Turkey's nascent private equity market has many key factors going in its favour, according to numerous speakers at the PEI Turkey Forum in Istanbul.
“It has a much better regulatory system” than other emerging markets, said Selçuk Yorgancioglu, executive director for MENASA-focused Abraaj Capital and head of its Turkey activities. “Plus corporate governance has advanced significantly in the last seven to eight years,” he said.
Among institutional investors, “it's come to be viewed as a high growth market”, noted Murat Köprülü, chairman of Multilateral Funding International, a New York-based emerging markets investment and financial advisory firm founded in 1987. “Domestic rates of growth are in excess of 4 percent to 5 percent in good cycles, [and] among the emerging markets it's also a large country, the 16th largest economy in the world.”
As emerging markets rebound more quickly than Western markets from the financial crisis' ripple effects, Turkey's “deep bench” of companies and industries will be ripe for private equity investment, he said.
“In a high growth economy there are certain sub-sectors that get a lot of attention”, like energy and related companies, Köprülü said. “But for a large middle income country like this, all manner of services and retail and the like are going to potentially be growth sectors as the GDP per capita vaults above the $10,000 level – it already is that around Istanbul”, where the level was closer to $20,000, he said.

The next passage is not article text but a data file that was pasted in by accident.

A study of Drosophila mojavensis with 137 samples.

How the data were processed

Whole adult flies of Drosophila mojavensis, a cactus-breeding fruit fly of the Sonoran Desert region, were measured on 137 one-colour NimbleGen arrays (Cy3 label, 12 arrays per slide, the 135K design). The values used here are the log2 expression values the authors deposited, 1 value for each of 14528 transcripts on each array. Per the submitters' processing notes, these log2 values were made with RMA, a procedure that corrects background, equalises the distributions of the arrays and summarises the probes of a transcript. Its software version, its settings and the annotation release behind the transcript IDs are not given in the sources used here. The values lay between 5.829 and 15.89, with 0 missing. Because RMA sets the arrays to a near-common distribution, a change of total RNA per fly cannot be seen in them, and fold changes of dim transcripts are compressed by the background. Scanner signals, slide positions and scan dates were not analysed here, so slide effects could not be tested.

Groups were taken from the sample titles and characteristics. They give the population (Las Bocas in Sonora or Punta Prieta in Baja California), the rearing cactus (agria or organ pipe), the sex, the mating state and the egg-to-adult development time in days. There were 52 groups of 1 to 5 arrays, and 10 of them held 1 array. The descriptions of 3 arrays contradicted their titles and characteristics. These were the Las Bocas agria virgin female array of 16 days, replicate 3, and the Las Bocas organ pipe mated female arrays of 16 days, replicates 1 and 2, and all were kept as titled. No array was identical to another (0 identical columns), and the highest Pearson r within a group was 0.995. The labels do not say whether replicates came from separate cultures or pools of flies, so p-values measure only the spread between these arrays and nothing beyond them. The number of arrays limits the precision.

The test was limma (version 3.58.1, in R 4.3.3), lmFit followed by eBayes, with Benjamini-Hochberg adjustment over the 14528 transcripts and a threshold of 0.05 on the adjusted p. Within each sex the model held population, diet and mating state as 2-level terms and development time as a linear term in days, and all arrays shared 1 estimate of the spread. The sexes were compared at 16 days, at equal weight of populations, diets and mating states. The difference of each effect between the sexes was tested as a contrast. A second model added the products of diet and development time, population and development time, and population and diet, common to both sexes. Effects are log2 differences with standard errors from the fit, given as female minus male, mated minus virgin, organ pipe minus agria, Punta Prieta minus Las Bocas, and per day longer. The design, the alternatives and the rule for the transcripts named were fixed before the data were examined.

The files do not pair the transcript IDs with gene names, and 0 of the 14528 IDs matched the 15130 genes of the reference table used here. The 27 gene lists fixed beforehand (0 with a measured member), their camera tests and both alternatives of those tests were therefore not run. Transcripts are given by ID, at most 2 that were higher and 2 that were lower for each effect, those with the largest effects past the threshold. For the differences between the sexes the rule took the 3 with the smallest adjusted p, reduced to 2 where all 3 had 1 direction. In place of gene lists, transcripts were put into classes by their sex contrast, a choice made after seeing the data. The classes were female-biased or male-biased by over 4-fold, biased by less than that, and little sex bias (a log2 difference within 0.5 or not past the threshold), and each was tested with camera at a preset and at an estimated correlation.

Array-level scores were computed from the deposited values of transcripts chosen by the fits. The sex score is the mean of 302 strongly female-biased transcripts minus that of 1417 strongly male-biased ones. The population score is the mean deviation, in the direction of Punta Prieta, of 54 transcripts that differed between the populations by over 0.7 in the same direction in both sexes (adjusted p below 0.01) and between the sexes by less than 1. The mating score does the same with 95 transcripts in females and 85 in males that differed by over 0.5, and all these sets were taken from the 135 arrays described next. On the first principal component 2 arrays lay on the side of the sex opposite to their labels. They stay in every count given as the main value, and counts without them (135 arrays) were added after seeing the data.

Optimism and building market momentum were palpable among the conference's many speakers and more than 200 delegates. However, many of those present also acknowledged the private equity market's limitations due largely to its immaturity.
Seymur Tari, founder and managing director of Turkven Private Equity, noted Turkey does not yet have enough experienced private equity fund managers. “In a few years, we'll hopefully have a full fledged industry.”
In a few years, we'll hopefully have a full fledged industry.
Tari also highlighted the country's lack of managerial talent at senior levels for portfolio companies, an issue discussed frequently by delegates during networking breaks. “We have very good middle managers”, but in order to find or cultivate high level executives such as CFOs and CEOs, private equity firms will need to support the company via operating partners or other methods, much the way large global firms like TPG do, Tari said.
The challenge was to ensure the management team has a strong local presence in Turkey, added Murat Çavusoglu, co-founder and managing partner of Turkey-focused Actera Group.
Serkan Elden, managing director and chief executive of Eurasia for Pinebridge Investments (formerly AIG Investments), said his team confronted this challenge by “investing in partners, not companies”. Choosing acquisition targets based on the management team that corresponds to them is a strategy employed by several established firms including Chicago-based private equity veteran GTCR.
While many Turkish entrepreneurs still need education as to the benefits private equity sponsorship can bring, and may not want to give up control for only marginal improvements or expansion, several speakers stressed that entrepreneurs were now more open to the idea of partnering with private equity firms.
“There is a Turkish saying … that translates to 'May God never force you to sell your company',” Çavusoglu said, eliciting a big laugh from the crowd. “I think we've come a long way.”